Narrated by Peadar Ó Cúláin
Of the hundreds who braved isolation and rough conditions as lightkeepers around the coast, it is perhaps the lightship men who endured the most hardship during their tenure at Irish Lights.
Light vessels were used in perilous regions unsuitable for lighthouse construction. Lightship men tended to these vessels full-time, braving the elements with grit and resolve in order to keep the light shining.
To illustrate the conditions they faced, this audio piece is a dramatised extract from Nick Lambert’s report on the rescue of the Daunt Lightship by the RNLI Mary Stanford lifeboat.
The rescue of the Daunt lightship is just one example of the many tales of heroism which animate the legacy of lightship men and lightkeepers. The lightship men could be on duty for months on end and depended on other vessels to bring them to shore for reliefs.
“One time, to earn a bit of money, I stayed out there for three months without coming ashore but it was rare to do that (…) There was always eight men on it, two men on watch and four hour watches (…) It could be very rough as you’d get good seas there. You could even drag anchor and a ship would have to come and shift us back. Sometimes the cargo ships would come very close to you, and it has been known for them to glance off the lightships as well, so it was kind of dangerous. But it was a nice life.” – Oliver Hickey
Like lightships, offshore lighthouses involved similar risk and rough conditions for lightkeepers. The keepers lived in everyday exposure to the full ferocity of the Irish coastline with the west and southwest shores, in particular, experiencing the most punishing of conditions. The most iconic lighthouse in Ireland, the Fastnet Rock, was notorious for its colossal waves which could easily wash right over the entire rock and tower. Situated thirteen kilometers from the Irish coast and built on a small base of clay-slate in the Atlantic ocean, service here meant keepers faced the most remote and extreme working conditions conceivable.
It was shortly before Christmas and we knew the weather was quickly deteriorating. I used to put a safety rail around the helipad platform on the Fastnet because I was only nine and a half stone and felt totally unsafe in the strong winds. The Principal Keeper at the time, Reggie, decided we’d better go out and take it in because otherwise the sea would rip it all to bits. We went out and on the way back the weather began to take a turn very rapidly.
Reggie was a solid heavy lump of a man, so he plodded his way through the wind back to the door of the lighthouse. There was a steel hand grip running alongside the rock and I was pulling my way along to get to the tower. Once you got passed the steel wire you had to walk six or eight paces on your own to get to the door which was beside a seventy or eighty foot sheer drop. If you went over the edge, there wouldn’t be much left of you.
I was taking three paces forward and getting blown straight back but as I was only in my twenties at the time, this was the best bit of fun I could have had. I decided I’d walk up past the tower door and when the force of the wind blew me back, I’d grab onto the door and pull myself in.
At this stage Reggie was in the tower and must have realised that I wasn’t behind him so he came back to check on me. He peered out to see me being blown along by the wind like a leaf, the tips of my toes barely touching the ground. He reached out, grabbed a hold of me and pulled me in through the door under his arm.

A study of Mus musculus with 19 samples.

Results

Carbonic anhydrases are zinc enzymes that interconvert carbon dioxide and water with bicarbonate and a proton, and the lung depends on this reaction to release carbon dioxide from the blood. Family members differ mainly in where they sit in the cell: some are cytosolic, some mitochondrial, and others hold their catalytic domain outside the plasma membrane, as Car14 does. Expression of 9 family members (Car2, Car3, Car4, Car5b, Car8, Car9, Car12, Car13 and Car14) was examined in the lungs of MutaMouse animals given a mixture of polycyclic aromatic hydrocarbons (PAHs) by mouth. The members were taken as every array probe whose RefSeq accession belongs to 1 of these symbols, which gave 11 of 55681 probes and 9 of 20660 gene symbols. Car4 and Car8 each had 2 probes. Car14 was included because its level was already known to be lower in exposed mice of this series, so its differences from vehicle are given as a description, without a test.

It was only a few minutes later when the first big wave hit the lighthouse. Not broken water, but solid heavy waves that were hitting the tower. It was then I realised that if we had been outside just a few moments longer, there was no hope we would have made it back in. We would have just been washed away into the sea.
Despite the storms and hardship that went hand in hand with the job, keepers had to find a way to entertain themselves. The familiarity with wild elements and treacherous seas tended to instill a sense of adventure in the young keepers. Climbing the steep peaks of rock stations like the Tearaght and the Skelligs was a regular activity for many of them.
This appetite for adventure also manifested in pranks and practical jokes. Oliver Hickey fondly recalled his time on the Kish lighthouse where he and close friend, Brendan Conway, regularly found themselves with a new Principal Keeper. “We used to say ‘how many PK’s have we gone through now?’ We must have gone through about seven I’d say”.
Stepping off the boat as a young keeper onto Tory Island, Richard Foran recalls meeting one of the other keepers who immediately welcomed him to the jokes and messing that went on. “I arrived down and he handed me two bits of rope and said, ‘Put them around the legs of your trousers, the place is walking with rats’.. and I looked down and of course he had them on, so I foolishly put them on as well. It took me a few days before I realised it was a set-up.”
The many tales of haunted lighthouses lent itself particularly well to the lightkeepers’ mischief. Edmund Butler recounts just such a time on the Skelligs with two fellow keepers, “There was an old pishogue about the skelligs, about the time the monks lived on it. They were supposed to have gone off their rockers and slaughtered each other, and the anniversary of this was sometime in June and the monks would walk the island. So I said, ‘I’m going out for a walk’, at maybe 11 or 12 o'clock. I was walking down the steps and I heard this fluttering and it was a small stormy petrel bird. So I got the bird and brought it up and put it up against the window and it started flapping against the glass. Well, I couldn't get back in, they had the doors locked, and try as I might I had to spend all night outside. I didn't get back in that night. They were terrified.”